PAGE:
Australian Financial Review – 17 November, 2015
By Simon Evans
Exasperated by the sharp run-up in residential property prices in Sydney and Melbourne, some buyers are turning their sights to the inner ring of suburbs up to 10km from the Adelaide CBD.
The sweet spot is the price bracket from $450,000 to $800,000 and the wave of “interstaters” as local experts call them, are the most active they hve been since 2010.
They are prepared to accept that capital growth over time is likely to be more subdued than the eastern states high-flyers which are now experiencing a levelling off, but are enticed by average gross rental yields of 4.1 per cent for houses, and 4.7 per cent for units.
That compares with yields of 2.9 per cent in Melbourne and 3.1 per cent in Sydney as outlined by CoreLogic RPData figures earlier this week.
Alex Ouwens, the president of the Real Estate Institute of South Australia, says the interest from interstate buyers is the highest he’s seen in the past five years.
“We are certainly seeing more interstaters than I have seen for the past five years,” he says. “They’re saying that in some ways slow and steady wins the race”.
It’s a complex decision for investors who are crunching the numbers on the higher interest rates they are being charged as property investors by the banks compared with owner occupiers, and for higher deposit demands.
The amount they need to shell out to secure a property to put into the investment portfolio is far lower in Adelaide than it is in Sydney or Melbourne.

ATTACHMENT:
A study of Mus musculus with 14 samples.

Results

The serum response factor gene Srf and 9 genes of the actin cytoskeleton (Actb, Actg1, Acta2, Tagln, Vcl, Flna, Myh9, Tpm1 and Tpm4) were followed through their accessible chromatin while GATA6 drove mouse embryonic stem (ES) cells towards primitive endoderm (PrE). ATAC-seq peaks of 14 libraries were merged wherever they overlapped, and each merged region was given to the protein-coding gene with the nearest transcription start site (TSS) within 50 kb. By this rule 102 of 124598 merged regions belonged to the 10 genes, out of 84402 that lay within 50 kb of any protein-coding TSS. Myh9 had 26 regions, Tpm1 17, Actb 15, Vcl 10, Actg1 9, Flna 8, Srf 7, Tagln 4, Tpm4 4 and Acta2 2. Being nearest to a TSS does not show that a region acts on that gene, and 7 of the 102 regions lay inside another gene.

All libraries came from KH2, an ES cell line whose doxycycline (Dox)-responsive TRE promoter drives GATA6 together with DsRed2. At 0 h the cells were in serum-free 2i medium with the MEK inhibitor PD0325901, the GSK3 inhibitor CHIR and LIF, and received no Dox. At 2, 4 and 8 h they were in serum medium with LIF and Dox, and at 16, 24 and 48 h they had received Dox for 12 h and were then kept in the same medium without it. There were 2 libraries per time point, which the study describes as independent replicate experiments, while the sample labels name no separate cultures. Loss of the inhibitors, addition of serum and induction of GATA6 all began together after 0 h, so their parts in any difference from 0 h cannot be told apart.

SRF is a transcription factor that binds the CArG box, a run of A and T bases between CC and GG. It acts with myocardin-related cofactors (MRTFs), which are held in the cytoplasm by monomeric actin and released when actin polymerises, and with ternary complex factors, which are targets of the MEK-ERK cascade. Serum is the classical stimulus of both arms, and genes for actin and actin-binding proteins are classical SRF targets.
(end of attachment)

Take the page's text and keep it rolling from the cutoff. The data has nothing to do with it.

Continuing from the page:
REISA figures for the September quarter of 2015 showed the median house price in Adelaide was $430,000, up 4.62 per cent from the same time in 2014. Sydney’s median house price has hit $800,000.
Mr Ouwens, who is a principal of real estate firm Ouwens Casserly says another element feeding into the dynamics is that Adelaide property owners are holding onto their properties for longer and that’s one of the factors behind lower stock levels on the market.
REISA figures showed there were 3,484 sales in the September quarter of 2015, down from 4,012 in the same three months in 2014.
Mr Ouwens says the average ownership period is now around 10 years for a house in Adelaide, and this compares with around 6.5 years a decade ago. He says high stamp duty costs are a likely influence.
Jock Gilbert, the principal of Jock Gilbert Real Estate which specialises in Adelaide’s leafy eastern suburbs which have a high proportion of historic bluestone and sandstone symmetrical cottages, says the level of inquiry has been rising from Sydney investors.
“There’s a lot more inquiries from Sydney that we’ve been getting in recent weeks,” Mr Gilbert says.
“Adelaide does tend to lag the eastern states by a couple of years,” Mr Gilbert says. This cycle had played out again and again over the last few decades.
He says those downsizing from large $2 million-plus properties with a swimming pool still need to spend $1.2 million-plus to buy a well-appointed courtyard home or apartment on a smaller block in the more affluent suburbs of North Adelaide, Walkerville, Malvern or Toorak Gardens.
REISA figures showed that the inner-city eastern suburb of Norwood was the strongest performer in the Adelaide metropolitan area in the September quarter with a median house price of $1.25 million, up 60.3 per cent on the previous year.